Rooftops (1989)


(director: Robert Wise; screenwriters: Terence Brennan/from the story by Allan A. Goldstein & Tony Mark; cinematographer: Theo van de Sande; editor: William Reynolds; music: Michael Kamen/David A. Stewart; cast: Jason Gedrick (T), Troy Beyer (Elana), Alexis Cruz (Squeak), Eddie Velez (Lobo), Trisha Campbell (Amber), Robert LaSardo (Blade), Allen Payne (Kadim); Runtime: 98; MPAA Rating: R; producer: Howard W. Koch Jr.; New Vision Pictures; 1989)

“This romantic musical drama about homeless Manhattan teens living on rooftops doesn’t reach any heights.”

Reviewed by Dennis Schwartz

Robert Wise (“The Set-Up”/”The Andromeda Strain”/”Star Trek-The Motion Picture”) tries to do another West Side Story, but this romantic musical drama about homeless Manhattan teens living on rooftops doesn’t reach any heights. It’s a hard-to-swallow fantasy tale written by Terence Brennan from the story by Allan A. Goldstein & Tony Mark. The all too familiar formulaic tale about these unlikable teen-agers on the wrong path but capable of doing good looks phony even if it’s not quite as phony as it looks. There’s plenty of choreographed dancing and rock music supplied by the Eurythmics, Grace Jones, Etta James and many others.

It tells the story of the low-key, white, orphan, teen-ager martial arts practitioner T (Jason Gedrick), who lives in the ghetto in the Lower East Side in a water tower that sits on top of an abandoned tenement building. There’s a whole community of teens living in abandoned tenements in the dangerous alphabet neighborhood (Avenues A, B, C and D) that’s infested with crime, burnt out tenements, poverty and drugs. Another leading character is named Squeak (Alexis Cruz), a young graffiti artist who joins the rooftop crowd after a spat involving his mother’s live-in boy friend. The lost teens hang out every night in a vacant lot named ‘The Garden of Eden’ and engage in what’s called ‘combat dance’ (a stylized offshoot of the Afro-Brazilian martial arts slave dance practice of Capoeira, which has the combatants or dancers try to kick each other off a stage with no physical contact).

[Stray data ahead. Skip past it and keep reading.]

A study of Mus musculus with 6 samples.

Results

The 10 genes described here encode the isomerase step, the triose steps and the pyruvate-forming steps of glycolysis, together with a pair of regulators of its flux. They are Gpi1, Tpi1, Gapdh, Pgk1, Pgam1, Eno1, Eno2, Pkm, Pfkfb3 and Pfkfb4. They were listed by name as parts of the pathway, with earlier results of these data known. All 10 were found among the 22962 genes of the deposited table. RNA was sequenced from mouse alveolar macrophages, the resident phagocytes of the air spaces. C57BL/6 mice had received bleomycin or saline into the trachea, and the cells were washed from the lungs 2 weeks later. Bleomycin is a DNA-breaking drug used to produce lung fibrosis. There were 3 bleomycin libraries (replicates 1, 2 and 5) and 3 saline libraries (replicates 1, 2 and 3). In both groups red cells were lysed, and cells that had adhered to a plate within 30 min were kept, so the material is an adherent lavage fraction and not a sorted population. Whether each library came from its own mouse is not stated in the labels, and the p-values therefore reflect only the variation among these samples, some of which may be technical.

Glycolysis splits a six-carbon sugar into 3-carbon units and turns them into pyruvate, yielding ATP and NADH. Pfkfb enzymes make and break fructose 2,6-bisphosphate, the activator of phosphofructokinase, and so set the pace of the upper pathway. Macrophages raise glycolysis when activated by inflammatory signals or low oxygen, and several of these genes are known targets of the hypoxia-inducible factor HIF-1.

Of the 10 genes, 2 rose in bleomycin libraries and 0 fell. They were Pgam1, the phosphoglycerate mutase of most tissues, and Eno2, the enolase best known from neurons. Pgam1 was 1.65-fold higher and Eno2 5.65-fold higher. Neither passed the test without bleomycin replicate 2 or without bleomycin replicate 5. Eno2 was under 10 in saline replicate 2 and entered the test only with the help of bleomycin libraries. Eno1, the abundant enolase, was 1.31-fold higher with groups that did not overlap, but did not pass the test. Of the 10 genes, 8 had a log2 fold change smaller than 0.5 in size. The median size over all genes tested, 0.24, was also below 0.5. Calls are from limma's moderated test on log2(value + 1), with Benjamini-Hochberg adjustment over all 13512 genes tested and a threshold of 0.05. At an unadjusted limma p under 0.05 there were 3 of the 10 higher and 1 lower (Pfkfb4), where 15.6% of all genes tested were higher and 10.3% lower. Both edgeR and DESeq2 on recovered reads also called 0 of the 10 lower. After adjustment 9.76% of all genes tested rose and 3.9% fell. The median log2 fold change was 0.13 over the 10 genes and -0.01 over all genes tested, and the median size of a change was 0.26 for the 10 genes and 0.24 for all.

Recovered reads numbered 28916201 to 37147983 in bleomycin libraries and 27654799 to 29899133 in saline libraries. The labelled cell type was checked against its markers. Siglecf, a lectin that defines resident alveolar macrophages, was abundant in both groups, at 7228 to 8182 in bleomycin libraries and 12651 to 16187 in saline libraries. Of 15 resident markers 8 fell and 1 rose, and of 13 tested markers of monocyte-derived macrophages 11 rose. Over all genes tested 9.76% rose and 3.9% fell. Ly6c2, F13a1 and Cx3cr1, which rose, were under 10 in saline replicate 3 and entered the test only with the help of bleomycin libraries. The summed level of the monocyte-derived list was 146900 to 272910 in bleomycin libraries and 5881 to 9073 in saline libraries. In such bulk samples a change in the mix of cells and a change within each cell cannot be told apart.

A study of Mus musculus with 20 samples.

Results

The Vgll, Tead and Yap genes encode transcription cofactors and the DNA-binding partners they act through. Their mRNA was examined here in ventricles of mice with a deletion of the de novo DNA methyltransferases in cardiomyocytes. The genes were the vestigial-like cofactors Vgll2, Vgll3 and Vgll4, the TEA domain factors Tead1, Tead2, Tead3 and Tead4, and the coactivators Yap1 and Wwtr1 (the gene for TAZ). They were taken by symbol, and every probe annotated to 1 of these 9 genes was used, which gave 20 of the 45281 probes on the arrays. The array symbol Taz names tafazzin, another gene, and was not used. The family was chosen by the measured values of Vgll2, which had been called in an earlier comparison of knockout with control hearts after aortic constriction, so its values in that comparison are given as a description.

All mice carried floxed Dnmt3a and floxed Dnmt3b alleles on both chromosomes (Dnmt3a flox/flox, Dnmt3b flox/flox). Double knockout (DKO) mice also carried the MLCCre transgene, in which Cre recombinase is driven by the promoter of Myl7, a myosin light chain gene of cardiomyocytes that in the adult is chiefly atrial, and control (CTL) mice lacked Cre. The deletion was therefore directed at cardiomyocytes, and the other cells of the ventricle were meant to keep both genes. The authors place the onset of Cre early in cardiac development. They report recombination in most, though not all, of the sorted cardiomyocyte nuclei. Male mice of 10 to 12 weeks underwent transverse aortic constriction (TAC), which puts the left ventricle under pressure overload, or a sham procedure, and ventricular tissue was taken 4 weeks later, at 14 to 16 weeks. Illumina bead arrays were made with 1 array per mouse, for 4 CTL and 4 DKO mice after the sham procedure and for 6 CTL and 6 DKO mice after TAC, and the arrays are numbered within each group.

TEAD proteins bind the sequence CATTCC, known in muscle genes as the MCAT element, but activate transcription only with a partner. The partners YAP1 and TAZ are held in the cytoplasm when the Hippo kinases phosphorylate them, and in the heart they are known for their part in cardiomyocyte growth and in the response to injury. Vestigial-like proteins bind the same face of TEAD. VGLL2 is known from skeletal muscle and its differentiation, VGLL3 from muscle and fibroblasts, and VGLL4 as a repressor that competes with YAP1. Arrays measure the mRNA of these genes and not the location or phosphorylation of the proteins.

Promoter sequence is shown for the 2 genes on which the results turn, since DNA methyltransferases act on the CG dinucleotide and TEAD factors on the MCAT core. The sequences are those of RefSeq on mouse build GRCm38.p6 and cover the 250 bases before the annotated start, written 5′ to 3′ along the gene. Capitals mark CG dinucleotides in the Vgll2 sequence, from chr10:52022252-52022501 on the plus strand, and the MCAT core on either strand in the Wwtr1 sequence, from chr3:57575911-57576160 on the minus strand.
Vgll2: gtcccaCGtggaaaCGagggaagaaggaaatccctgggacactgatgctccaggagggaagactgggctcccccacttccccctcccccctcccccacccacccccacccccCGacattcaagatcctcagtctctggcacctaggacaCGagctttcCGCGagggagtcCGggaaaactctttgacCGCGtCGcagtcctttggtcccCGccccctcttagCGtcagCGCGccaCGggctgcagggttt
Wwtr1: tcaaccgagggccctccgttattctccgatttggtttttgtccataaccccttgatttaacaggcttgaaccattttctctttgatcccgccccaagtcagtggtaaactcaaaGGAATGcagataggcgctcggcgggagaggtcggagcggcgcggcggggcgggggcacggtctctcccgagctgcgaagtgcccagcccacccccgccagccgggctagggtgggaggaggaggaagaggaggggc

When T’s abandoned building is taken over by vicious local drug dealer Lobo (Eddie Velez) and turned into a crack house, T takes a stand to rid the the neighborhood of the sadistic drug dealer. There’s also the matter of the recent girl T is attracted to, the Hispanic Elana (Troy Beyer), who has a history with Lobo and his ruthless gang as their lookout and must pass T’s loyalty test before becoming his steady. The action picks up with kids hurled off rooftops and water towers blown up, and a good old-fashioned turf war ala West Side Story. T and the filmmaker seem to want us to believe that once the crack house goes these misunderstood teens, only involved in petty anti-social activities (such as stripping cars, dropping out of school and graffiti), will be just fine when left alone to live out a libertine heavenly rock and roll fantasy life. The darn thing ends with a gigantic dance celebration for the neighborhood kids who show us how to ‘rock on.’ But the simple-minded message fell through the rafters and left no impact on me except on how absurd and unmoving it was despite its heart being in the right place.